UFC fighters near Bolsonaro are in the spotlight after riots


Over the course of four hours, thousands of far-right supporters of former President Jair Bolsonaro stormed all three branches of the country’s government — Congress, the Supreme Court and the Presidential Palace — wreaking havoc on iconic modernist architecture.

The chaotic scenes were reminiscent of the attack on the US Capitol on January 6, when mobs, fueled by false allegations of voter fraud, looted buildings, attacked police officers and chanted pro-Bolsonaro slogans as they demanded the impeachment of newly inaugurated president Luiz Inácio Lula da Silva.

Aside from the rioters who flooded the country’s federal institutions, mixed martial arts fighters were also among those who publicly celebrated Bolsonaro and the coup attempt, including one who took part in last weekend’s pay-per-view show in Brazil .

Deiveson Figueiredo, a former UFC champion who lost his flyweight title after a TKO loss in Saturday’s UFC 283 co-main event, was among those calling for a military coup against Brazil’s elected government. A recent investigation by BloodyElbow.com revealed that Figueiredo shared a series of pro-Bolsonaro messages on WhatsApp, including a photo saying it was time to “invade Brasília”.

“Either there remains a free country or [we] die for Brazil,” the post read.


Figueiredo’s unwavering support for Brazil’s controversial former president is shared by a plethora of Brazilian athletes, including local jiu-jitsu stars and UFC fighters. In recent years, the far-right populist has received support from UFC champions such as Anderson Silva, Rafael dos Anjos, Ronaldo ‘Jacare’ Souza, Mauricio ‘Shogun’ Rua, Cris Cyborg and Fabricio Werdum. He was also supported by the Gracie family, a prominent martial arts clan credited with creating Brazilian jiu-jitsu.

Bolsonaro, who served as Brazil’s president from 2019 to 2022, regularly rubbed shoulders with UFC fighters, even elevating some to prominent political positions. Former UFC fighter and jiu-jitsu champion Renzo Gracie was named ambassador of international tourism in 2019 under Embratur, a division of Brazil’s Ministry of Tourism. The following month, Gracie posted a video threatening to strangle French President Emmanuel Macron. Three years later, the Gracie family became embroiled in a scandal where they allegedly received government payouts from a fund earmarked for Brazil’s poorest families during the Covid-19 pandemic.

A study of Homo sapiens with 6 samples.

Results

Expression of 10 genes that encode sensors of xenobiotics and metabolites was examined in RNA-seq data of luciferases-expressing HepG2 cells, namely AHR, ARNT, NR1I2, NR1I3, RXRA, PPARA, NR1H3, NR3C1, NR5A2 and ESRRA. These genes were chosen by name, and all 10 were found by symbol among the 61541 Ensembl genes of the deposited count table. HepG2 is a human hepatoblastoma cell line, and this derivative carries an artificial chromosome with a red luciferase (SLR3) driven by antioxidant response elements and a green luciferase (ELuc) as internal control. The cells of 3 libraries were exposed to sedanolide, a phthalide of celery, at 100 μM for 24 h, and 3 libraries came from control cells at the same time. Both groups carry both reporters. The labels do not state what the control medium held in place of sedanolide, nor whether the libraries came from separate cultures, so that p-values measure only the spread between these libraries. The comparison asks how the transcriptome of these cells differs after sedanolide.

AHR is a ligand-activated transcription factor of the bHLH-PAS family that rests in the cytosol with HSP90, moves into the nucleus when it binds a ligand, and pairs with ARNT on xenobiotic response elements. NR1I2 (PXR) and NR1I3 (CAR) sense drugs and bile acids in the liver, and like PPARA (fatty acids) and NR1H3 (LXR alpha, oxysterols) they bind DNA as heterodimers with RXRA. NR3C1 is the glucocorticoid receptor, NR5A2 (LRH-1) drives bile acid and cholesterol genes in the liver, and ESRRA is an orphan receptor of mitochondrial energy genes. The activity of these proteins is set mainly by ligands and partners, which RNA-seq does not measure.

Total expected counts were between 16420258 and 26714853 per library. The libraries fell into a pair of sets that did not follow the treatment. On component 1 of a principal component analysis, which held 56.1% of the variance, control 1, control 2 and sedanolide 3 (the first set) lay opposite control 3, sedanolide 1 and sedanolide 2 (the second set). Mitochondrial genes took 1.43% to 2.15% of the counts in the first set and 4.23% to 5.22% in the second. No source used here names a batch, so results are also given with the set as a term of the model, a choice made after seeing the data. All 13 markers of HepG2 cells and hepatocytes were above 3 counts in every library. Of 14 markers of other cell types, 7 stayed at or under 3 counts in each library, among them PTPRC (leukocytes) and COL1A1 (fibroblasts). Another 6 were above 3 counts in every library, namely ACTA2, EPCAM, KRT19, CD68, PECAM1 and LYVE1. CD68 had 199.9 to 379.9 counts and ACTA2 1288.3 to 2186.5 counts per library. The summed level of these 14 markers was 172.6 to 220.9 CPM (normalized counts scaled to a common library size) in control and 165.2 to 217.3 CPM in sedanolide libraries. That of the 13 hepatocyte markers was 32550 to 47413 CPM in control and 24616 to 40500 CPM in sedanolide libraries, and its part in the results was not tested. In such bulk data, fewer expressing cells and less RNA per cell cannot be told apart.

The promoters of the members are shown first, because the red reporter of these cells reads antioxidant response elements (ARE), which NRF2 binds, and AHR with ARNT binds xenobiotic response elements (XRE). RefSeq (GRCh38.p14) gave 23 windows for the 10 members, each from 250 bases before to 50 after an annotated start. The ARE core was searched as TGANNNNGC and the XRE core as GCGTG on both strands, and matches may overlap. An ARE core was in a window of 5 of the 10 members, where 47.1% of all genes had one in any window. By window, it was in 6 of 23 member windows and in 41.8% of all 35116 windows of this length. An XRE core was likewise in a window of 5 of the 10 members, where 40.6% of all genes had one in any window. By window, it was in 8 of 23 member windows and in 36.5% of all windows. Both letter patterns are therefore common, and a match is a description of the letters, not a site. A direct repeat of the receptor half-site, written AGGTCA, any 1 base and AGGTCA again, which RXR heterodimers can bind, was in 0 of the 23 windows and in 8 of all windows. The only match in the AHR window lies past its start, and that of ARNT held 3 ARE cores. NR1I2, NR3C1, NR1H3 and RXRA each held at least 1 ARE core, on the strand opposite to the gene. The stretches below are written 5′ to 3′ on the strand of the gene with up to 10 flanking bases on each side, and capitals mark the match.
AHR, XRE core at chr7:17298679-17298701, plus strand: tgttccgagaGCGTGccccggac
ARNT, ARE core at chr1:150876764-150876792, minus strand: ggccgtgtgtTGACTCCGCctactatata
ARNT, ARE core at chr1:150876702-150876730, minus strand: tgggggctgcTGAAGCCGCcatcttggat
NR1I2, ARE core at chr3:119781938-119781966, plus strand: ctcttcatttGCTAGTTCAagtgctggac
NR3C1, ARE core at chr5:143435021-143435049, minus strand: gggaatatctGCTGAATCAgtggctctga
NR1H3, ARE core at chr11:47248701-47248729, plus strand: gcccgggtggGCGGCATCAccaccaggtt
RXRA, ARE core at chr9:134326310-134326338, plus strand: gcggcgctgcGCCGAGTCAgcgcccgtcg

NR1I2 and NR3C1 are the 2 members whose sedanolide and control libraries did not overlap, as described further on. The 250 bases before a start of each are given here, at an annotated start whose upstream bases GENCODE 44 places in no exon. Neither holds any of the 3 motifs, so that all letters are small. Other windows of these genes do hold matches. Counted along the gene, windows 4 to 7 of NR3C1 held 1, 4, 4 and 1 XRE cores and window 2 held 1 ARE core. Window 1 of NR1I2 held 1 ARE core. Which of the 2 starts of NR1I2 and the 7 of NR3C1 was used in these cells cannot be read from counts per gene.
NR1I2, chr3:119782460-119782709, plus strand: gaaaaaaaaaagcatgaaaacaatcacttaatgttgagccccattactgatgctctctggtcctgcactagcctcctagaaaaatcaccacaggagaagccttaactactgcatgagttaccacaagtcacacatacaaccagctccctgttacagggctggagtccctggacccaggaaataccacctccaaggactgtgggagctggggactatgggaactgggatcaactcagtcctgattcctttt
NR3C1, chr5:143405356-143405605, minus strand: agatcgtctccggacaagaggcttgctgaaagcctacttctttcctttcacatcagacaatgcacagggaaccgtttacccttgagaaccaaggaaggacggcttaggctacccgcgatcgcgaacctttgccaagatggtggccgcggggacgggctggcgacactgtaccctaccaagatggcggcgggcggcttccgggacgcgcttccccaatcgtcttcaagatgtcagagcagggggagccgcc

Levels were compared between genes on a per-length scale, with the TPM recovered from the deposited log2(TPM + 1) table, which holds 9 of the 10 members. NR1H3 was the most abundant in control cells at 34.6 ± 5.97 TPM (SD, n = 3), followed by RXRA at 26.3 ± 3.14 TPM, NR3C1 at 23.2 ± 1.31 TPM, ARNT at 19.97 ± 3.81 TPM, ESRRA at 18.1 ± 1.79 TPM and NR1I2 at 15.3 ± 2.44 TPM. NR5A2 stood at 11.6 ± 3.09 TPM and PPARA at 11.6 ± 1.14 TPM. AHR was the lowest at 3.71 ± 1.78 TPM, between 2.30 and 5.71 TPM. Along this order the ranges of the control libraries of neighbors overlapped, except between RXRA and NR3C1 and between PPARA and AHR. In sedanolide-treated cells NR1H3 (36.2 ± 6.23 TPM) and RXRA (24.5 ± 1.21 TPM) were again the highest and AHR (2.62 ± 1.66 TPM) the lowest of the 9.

Despite celebrity endorsements, Bolsonaro lost a run-off election to former president Lula in October 2022. He fled Brazil just days before his rival’s inauguration and landed in Orlando, Florida, where he Remained in a vacation home of former UFC featherweight champion José Aldo. The former president was reportedly present during the January 8 riots.


“The country is divided. Everyone on the other side will criticize me,” Aldo said on the Flow podcast, one of the most popular podcasts in Brazil. “However, I didn’t think about that. There is a good side and a bad side to everything you do in your life. Now it is always busy on the street. I get so many messages from people wanting to stay in the house. I’m sorry, but some people think small. They don’t care about business.”

The former UFC champion, who is also reportedly involved in a government scandal, now plans to put up a plaque in his home that reads: The president of Brazil stayed here.

MMA’s embrace of Bolsonaro is part of an ongoing trend of right-wing politicians and authoritarian leaders weaponizing the sport for political gain. Several MMA fighters, including legendary heavyweight Fedor Emelianenko, have campaigned for Russian President Vladimir Putin, while other Russian fighters (including a handful in the UFC) have publicly supported their country’s invasion of Ukraine.

Elsewhere, Ramzan Kadyrov, the ruthless dictator accused of numerous human rights abuses during his tenure at the helm of the Russian republic of Chechnya, founded his own MMA fight club and now has several fighters affiliated with him who compete in the UFC. Kadyrov, who has attended two UFC events in the past, is known for using his gym as a form of laundering his reputation and as a means of distraction from well-documented abuses such as enforced disappearances, torture and an ongoing purge of LGBTQ+ people in Chechnya.


Meanwhile, controversial UFC president Dana White has also promoted former US President Donald Trump in recent years, providing him with a unique platform to embrace his political ideology. This, in turn, has encouraged other like-minded combatants to throw their weight behind other controversial leaders without fear of repercussions. It comes as no surprise, then, that countless UFC fighters have publicly used their platforms to support Bolsonaro and encourage attacks on democratic institutions.

But while the vast majority of Brazilian UFC fighters overwhelmingly support Bolsonaro, a handful of exceptions remain.

Two years ago, UFC strawweight Virna Jandiroba used her post-fight victory speech to praise Brazil’s universal healthcare system and target Bolsonaro for his failed handling of the Covid-19 pandemic. The fighter also recently shared a poignant story about her grandfather, who served as a colonel during Brazil’s infamous military dictatorship and was prosecuted for opposing the regime. This experience with fascism defined Jandiroba’s left-wing worldview and made her weary of populist figures like Bolsonaro.

“Bolsonaro insults me and my people on several levels,” Jandiroba said during a recent interview with Bloody Elbow. “It’s impossible for me to like him.”